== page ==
Excessive noise can reduce the quality of life, cause stress and be a source of friction and argument.

Environmental Health Officers investigate noise complaints in accordance with the Environmental Protection Act 1990. Formal action can only be taken if the noise constitutes a statutory nuisance. If the noise you complain of is a one off or occasional event, it is unlikely to be a statutory nuisance and therefore the Council is unlikely to be able to use formal action to resolve the matter.

If the noise nuisance persists and your informal request has failed to resolve the matter you can report the matter to the Council's Environmental Health team.  

What the Council Will Do

  • Complaints are logged and passed to an Environmental Health Officer who will contact you for further information.
  • It will usually be necessary for you to keep a log of noisy events. Noise monitoring equipment may be installed in your premises if the diary indicates a nuisance exists and a Council Officer may visit when the noise occurs to make an assessment  
  • If a statutory noise nuisance is found to exist and informal action has not resolved the problem, then an Abatement Notice will be served requiring the noise to cease or be reduced.
  • If the noise continues, you will be asked to maintain another nuisance diary and an Officer will make another visit when the noise is alleged to occur.
  • In some cases the Council may obtain a warrant to enter premises and seize nuisance-making equipment.
  • The final option is for the Council to take the 'offender' to a Magistrate's Court where a fine may be imposed and their equipment forfeited.    

If, after investigation, the Officer is of the opinion that a Statutory Nuisance does not exist you will be advised of this decision and the Council will take no further action.

Top Tips if you are affected by noise

  • Speak to the person making the noise. Initially a polite word from you may be better than a visit from a Council official.
  • Write to the person. Again a polite letter from you will be preferable to a formal letter from the Council!
  • Be tolerant of "one off" events or of "special circumstances"
  • Keep a written log of events before contacting the Council
  • Be prepared to go to court if formal actions taken by the Council on your behalf require it.

Top Tips if you are making a noise

  • Be considerate of "others" who may be affected by your noise
  • Apologise in advance and speak to your neighbours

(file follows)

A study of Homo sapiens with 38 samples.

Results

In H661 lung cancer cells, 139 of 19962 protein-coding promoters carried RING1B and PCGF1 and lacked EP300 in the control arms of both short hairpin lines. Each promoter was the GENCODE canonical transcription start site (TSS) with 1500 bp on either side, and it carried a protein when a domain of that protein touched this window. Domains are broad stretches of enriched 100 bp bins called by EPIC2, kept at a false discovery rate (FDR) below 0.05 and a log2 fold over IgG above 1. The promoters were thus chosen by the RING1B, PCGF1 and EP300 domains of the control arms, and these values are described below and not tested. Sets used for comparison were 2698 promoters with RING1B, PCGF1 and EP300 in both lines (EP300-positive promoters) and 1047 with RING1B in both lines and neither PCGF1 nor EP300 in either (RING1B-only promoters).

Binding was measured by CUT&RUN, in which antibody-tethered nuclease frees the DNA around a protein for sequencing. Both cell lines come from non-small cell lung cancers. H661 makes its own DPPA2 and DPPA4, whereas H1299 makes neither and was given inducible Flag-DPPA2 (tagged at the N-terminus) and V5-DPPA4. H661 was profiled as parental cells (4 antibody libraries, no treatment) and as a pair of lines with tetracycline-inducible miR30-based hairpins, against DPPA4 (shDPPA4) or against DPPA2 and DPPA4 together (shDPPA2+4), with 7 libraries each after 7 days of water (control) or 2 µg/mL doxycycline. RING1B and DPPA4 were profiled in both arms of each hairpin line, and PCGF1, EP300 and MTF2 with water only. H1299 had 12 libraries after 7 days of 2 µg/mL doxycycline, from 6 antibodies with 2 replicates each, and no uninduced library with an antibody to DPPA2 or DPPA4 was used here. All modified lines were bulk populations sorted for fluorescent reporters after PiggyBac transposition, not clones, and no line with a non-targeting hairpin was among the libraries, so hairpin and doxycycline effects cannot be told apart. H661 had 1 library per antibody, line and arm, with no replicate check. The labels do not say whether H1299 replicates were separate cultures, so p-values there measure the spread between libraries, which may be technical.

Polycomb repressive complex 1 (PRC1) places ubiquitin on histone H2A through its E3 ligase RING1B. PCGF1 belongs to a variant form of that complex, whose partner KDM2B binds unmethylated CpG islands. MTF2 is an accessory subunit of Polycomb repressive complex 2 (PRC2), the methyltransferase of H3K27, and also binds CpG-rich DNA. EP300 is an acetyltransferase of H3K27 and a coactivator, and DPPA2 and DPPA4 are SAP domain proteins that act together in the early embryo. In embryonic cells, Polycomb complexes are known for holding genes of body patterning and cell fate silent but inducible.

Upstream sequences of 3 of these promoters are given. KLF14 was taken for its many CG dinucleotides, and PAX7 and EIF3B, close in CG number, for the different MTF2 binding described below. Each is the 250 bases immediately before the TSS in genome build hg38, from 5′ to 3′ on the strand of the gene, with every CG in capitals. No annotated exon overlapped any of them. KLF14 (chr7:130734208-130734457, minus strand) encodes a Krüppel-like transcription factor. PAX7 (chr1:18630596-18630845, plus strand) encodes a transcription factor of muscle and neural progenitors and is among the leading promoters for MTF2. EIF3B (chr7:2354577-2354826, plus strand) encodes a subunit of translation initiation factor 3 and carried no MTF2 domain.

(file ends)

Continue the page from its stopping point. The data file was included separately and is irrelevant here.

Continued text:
• Keep DIY noise to reasonable times
  • Ask yourself "would this noise affect or bother me"!!

Other sources of help and advice 

  • Domestic Noise Nuisance

    Many people do not realise the effect their enjoyment of loud music or other noise activities may have on their neighbours. They could well act in a more considerate way if the facts are politely brought to their attention.

  • Barking Dogs

    Dogs bark naturally, but the constant barking or whining of a dog can be very disturbing or annoying for neighbours. Often this problem occurs when the owner is out of the house and does not realise there is a problem.

  • Entertainment Noise

    Excessive entertainment noise from pubs, clubs and festivals can be a problem, sometimes badly affecting neighbours.

  • Picture to depict noise from construction sitesConstruction and Demolition Sites

    Construction and Demolition Sites

    Construction and demolition works are usually noisy and can take place in areas that are normally quiet. Although the work may not last long, the disturbance caused by noise and dust and other issues may lead to problems for people who live and work near the site.

  • Drill to show DIY noiseNoise from DIY

    Noise from DIY

    Noise from neighbours can annoy, cause stress and generally affect the quality of life. The best way forward is to avoid causing a problem in the first place.

  • Picture of fireworksFireworks


    Disturbance from the use of fireworks at inappropriate times and locations has become a major source of complaints in recent times.

  • Security AlarmAlarms


    If you protect your property (commercial or domestic) by installing or taking over an alarm system you have a responsibility to make sure it does not become a noise nuisance.